There actually was a time when a person could acquire all necessary life skills with or without a computer. But that time has come and gone, today those that don’t have internet access or computer skills have been abandoned on the wrong side of the digital divide, with ever-diminishing prospects.
It would be easy to think that the notion of a “Digital Divide” is now outdated. Whose life isn’t digital in some respect these days? As shown in Internet World Stats 87.4% of Americans are online and use the Internet across a range of technological devices. This suggests only a small minority are not online. Perhaps this is due to a lack of availability or they don’t out of choice.
But if we dig a little deeper into those statistics, the Digital Divide re-emerges. The 87.4% of people online includes anyone who has accessed the Internet in the past six months, even if just the once. Therein lies the problem. It gives no indication of frequency of use, levels of digital literacy or how active those users are online. Which masks digital inequalities.
Urban civic activists are calling attention to the inequities in information access. They argue that where information is or isn’t accessible can reinforce privilege (knows how to access info) and limit opportunities for individuals in underserved and marginalized communities (doesn’t know how to access info).
Media coverage of the “digital divide” and issues of digital equity center on issues of physical access to the Internet. Some researchers now suggest that equality of access be replaced with equity of access, which focuses on information availability, online, to people from all walks of life and especially the poor and disadvantaged.
Where equality orientation might be satisfied with the presence of computers in public libraries & schools. An equity orientation would focus on how to navigate computer systems, locate information and use said information. Thereby increasing users’ skills and going beyond a one-time how-to experience to deep and continuing opportunities for people.
The Internet also just got a little cheaper for some families – but experts say lowering the price is not enough to help low-income Americans get online. Currently, about 15% of Americans don’t use the Internet and for many that’s out of necessity, so this update can help them. However, it won’t be enough to bridge significant inequalities in digital technology use, warn experts such as Blanca Gordo, a senior researcher at the International Computer Science Institute at the University of California, Berkeley.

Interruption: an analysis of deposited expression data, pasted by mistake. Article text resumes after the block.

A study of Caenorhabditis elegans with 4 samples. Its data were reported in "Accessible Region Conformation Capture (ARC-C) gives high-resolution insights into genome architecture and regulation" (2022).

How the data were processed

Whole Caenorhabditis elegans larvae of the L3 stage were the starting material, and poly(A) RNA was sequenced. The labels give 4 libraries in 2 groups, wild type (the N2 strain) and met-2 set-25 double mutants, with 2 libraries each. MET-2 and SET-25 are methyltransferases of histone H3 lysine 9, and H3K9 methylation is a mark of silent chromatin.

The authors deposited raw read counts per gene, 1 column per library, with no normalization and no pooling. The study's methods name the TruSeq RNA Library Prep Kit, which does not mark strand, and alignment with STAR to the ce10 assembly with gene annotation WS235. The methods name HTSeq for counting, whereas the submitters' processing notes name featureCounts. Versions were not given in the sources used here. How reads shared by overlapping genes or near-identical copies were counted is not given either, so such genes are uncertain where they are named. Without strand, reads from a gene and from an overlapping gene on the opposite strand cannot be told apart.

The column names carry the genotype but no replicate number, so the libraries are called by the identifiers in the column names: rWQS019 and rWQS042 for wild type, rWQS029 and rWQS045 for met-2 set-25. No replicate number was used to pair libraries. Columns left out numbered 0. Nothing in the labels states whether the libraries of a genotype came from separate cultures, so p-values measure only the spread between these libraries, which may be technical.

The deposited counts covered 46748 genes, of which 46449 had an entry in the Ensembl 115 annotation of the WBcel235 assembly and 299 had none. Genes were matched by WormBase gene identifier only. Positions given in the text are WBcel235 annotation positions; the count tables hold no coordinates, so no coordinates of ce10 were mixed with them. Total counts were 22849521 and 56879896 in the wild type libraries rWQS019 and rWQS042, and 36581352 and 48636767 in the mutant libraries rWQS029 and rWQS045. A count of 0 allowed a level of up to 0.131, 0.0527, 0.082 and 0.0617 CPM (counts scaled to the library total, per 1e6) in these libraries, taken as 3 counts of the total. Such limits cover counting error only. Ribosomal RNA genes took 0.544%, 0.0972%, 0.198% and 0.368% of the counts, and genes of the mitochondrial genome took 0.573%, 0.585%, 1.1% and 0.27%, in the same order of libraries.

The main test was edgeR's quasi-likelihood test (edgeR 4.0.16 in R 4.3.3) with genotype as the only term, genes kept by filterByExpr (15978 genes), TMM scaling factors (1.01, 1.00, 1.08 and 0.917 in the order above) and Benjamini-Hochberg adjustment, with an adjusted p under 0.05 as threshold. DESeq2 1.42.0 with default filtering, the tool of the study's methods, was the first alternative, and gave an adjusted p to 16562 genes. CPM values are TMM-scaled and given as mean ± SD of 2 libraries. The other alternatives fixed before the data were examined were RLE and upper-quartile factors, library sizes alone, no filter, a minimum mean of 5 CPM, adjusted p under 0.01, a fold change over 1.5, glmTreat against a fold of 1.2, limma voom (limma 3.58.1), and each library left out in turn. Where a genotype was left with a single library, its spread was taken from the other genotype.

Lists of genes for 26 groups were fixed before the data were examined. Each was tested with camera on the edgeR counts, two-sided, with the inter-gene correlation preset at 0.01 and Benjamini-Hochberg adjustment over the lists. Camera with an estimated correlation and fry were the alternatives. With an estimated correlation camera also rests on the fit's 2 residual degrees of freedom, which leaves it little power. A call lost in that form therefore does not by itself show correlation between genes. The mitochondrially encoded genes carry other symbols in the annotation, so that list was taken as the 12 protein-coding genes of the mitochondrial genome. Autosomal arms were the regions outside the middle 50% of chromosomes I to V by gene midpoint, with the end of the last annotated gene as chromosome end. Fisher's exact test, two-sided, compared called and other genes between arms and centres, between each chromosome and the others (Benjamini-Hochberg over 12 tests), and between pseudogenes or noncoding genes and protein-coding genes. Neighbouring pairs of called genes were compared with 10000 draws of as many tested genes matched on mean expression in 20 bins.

She said, the FCC ruling for cheaper Internet “is a step in the right direction, but it’s insufficient to address what is a much more complex problem. What people don’t have is the training, assistance and teaching needed to enter a complex system that is thought of as easy to use from the perspective of a long-term user.”
According to Pew Research, Older Adults Face Hurdles adopting New Technology and of the hurdles they face difficulties learning to use them is a primary contributor. A majority of seniors say they need assistance learning to use new digital devices. Only 18% feel comfortable learning a new device like a smartphone or tablet on their own. While 77% indicate they would need someone to walk them through the process.
The complexity of Digital Literacy spans issues from Tackling Youth Unemployment to Acquainting Senior Citizens with Mobile Technology, from Job Searching Via Mobile Device to Smartphone Help in Emergencies and learning or updating ones’ digital skills-set is a serious challenge. The question is; “What is the most effective learning medium available today?”
The answer to that question is a webinar, it has the ability to bring you face-to-face communications while online. Through this technology, you not only experience live instruction & assistance but can also ask questions and get immediate answers. Technology such as this also has the ability of recording your webinar so you can play it again and again whenever you want which eliminates the need to take notes.
Unfortunately, this service is not yet available because it’s been waiting on your funding support.
It doesn’t take a rocket-scientist to see what a help our assistance could be to millions of the young and old in addressing the complex issue of digital literacy. Everyone has someone in their family effected by digital literacy, and “we have a webinar for that.” Support us and help make a difference for all those concerned.